Getting Ready for Kindergarten
There’s nothing like the first day of kindergarten – for parents and their kiddos. It is the start of the public school journey for many families. It’s a momentous occasion even for students who continue their education in the same school where they’ve experienced a preschool program.
Kindergarteners are moving out of their preschool years and into childhood, where their education will be a primary focus for many years to come.
As parents, we are excited for them and a little weepy that our little ones are spreading their wings in an environment without us.
They, too, can be both eager to be a ‘big school kid’ and nervous to be away from the security of home and their previous routine.
Here are a few tips for making the transition to kindergarten easier for everyone.
Six strategies for kindergarten readiness
Make room for the emotions
Transitioning to kindergarten is a big step for everyone, children and parents alike. It’s ok to be anxious, excited, and emotional. Invite your soon-to-be kindergartener to share their feelings. Acknowledge those feelings and share a little of your own. Keep the conversation positive and upbeat while letting them know it’s ok to have big feelings. End the conversation on a positive note, reminding them of all the fun things they will do at school (meet new friends, play on the playground, try new things.)
Get organized the night before
Make the mornings easier by laying out clothes and packing lunches the night before. Help your child be independent when dressing by providing clothes they can get on and off without your help. It is also a good idea to include extra clothes in their school backpack, just in case they need a spare during the day..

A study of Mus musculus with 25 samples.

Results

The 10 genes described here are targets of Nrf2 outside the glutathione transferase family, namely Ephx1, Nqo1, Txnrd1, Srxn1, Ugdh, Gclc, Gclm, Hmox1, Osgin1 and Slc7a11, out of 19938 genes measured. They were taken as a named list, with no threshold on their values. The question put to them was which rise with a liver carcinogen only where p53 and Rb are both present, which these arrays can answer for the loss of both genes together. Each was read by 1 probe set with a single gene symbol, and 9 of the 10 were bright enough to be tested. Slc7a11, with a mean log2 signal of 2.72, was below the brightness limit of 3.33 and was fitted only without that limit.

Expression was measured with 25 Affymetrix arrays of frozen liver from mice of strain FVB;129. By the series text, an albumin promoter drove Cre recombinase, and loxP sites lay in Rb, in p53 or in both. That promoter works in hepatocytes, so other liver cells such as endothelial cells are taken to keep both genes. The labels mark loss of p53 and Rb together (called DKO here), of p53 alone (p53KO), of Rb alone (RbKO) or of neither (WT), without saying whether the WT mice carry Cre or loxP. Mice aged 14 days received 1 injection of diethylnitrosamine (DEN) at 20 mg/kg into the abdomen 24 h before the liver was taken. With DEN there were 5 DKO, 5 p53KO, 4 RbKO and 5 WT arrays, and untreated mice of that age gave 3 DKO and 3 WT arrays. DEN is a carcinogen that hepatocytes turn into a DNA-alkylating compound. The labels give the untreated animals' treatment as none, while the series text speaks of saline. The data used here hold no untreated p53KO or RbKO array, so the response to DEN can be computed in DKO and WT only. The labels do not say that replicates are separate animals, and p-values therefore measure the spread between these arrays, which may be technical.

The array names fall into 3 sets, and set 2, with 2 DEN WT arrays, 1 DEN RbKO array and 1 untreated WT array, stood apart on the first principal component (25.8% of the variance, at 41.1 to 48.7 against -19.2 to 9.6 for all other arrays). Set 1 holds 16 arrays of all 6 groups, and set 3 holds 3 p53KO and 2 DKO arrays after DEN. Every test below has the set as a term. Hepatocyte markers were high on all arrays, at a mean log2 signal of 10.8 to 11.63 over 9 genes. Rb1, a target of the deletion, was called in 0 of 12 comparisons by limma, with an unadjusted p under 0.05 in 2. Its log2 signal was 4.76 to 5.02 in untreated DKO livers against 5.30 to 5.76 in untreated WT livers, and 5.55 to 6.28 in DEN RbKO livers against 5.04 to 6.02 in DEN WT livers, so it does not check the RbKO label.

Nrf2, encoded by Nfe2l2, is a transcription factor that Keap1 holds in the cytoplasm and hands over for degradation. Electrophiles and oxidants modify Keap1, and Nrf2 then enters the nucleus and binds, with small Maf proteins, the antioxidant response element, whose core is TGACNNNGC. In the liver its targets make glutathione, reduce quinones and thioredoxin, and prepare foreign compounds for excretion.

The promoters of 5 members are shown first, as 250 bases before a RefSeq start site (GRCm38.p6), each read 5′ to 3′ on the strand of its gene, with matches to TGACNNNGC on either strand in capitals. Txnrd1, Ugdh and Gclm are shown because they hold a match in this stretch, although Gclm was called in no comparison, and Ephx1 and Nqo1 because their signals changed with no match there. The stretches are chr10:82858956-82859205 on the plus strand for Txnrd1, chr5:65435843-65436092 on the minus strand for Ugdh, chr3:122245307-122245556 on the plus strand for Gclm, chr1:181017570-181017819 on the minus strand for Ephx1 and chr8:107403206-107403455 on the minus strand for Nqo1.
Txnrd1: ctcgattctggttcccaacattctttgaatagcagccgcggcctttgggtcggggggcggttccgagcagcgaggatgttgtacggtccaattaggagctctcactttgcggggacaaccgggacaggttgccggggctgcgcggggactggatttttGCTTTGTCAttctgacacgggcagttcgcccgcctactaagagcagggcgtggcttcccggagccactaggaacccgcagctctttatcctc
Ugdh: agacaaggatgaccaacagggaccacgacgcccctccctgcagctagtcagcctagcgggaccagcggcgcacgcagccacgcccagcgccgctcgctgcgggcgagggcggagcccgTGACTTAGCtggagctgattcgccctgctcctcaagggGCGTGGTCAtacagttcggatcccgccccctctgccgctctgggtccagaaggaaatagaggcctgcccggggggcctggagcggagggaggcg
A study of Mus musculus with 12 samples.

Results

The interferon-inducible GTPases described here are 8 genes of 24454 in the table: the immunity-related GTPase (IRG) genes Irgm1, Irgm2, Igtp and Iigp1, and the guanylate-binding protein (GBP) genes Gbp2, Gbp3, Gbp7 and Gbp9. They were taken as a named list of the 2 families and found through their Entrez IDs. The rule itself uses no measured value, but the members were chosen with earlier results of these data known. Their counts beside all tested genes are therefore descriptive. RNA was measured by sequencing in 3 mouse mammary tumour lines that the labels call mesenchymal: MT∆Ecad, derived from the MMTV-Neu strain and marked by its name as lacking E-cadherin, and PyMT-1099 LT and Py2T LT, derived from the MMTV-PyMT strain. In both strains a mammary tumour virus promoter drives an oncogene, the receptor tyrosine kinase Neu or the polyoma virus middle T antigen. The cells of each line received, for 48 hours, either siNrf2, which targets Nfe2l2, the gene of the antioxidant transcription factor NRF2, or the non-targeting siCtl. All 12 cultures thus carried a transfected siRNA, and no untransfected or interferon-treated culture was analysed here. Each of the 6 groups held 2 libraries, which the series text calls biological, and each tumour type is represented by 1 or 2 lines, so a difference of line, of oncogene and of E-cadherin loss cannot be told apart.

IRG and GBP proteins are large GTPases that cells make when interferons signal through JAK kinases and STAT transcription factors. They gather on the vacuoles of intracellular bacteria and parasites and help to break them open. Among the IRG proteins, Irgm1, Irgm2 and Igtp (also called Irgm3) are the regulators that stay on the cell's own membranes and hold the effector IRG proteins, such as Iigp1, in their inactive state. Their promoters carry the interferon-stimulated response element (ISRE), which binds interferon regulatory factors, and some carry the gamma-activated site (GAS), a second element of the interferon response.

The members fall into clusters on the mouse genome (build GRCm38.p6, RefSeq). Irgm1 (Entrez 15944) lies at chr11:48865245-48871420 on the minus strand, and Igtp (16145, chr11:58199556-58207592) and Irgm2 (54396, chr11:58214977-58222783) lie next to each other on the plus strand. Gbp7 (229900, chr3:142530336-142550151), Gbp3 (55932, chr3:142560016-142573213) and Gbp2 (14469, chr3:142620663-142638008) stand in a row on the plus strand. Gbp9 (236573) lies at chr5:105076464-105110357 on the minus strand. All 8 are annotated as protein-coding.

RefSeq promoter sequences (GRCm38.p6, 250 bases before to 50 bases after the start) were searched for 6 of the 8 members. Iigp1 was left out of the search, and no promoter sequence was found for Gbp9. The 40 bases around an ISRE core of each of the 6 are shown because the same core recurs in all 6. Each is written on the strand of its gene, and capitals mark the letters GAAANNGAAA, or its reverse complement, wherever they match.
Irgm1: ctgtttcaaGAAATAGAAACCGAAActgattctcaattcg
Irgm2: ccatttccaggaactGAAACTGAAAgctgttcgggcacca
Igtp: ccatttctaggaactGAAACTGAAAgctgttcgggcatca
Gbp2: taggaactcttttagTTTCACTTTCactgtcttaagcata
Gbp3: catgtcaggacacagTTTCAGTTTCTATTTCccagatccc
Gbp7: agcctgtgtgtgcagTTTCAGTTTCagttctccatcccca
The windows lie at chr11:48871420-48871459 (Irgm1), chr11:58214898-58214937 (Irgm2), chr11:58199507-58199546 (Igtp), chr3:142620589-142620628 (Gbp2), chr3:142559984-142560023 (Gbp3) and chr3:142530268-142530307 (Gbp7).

Check out the school playground
If you have access, visit the school playground a few times before school starts. This will help your kindergartener become familiar with the space and feel more comfortable that first week of school.
Choose lunch containers they can manage alone
Make sure they can open and close the containers you send to school with them – their water bottle, lunch box, and food containers. In the days before school starts give them lunch at home in their school lunch containers a few times so they have a chance to practice. If they struggle, find containers that are easier for them to use.
Establish a school day morning routine
Maintain a regular routine on school mornings. Decide whether you’ll eat breakfast or dress first, then make sure you follow the plan. Knowing the order that things will be done and maintaining consistency helps everyone be ready when it’s time to head out the door.
Encourage independence in toileting at home and in public restrooms
They’ll be expected to independently use the bathroom at school. Let your child practice being independent in the bathroom, both at home and when you’re out and about. When you visit a public restroom, let them go into the stall alone and take care of their own personal needs without your help.
Kindergarten is designed to help them learn how to be away from home, take direction from other adults, and expand their circle of friends. It’s natural to feel they are too young and inexperienced on that first day of school. But before you know it you’ll be wondering when they got so grown up and experienced.
For more ideas to support kindergarten readiness, check out these Head Start activities.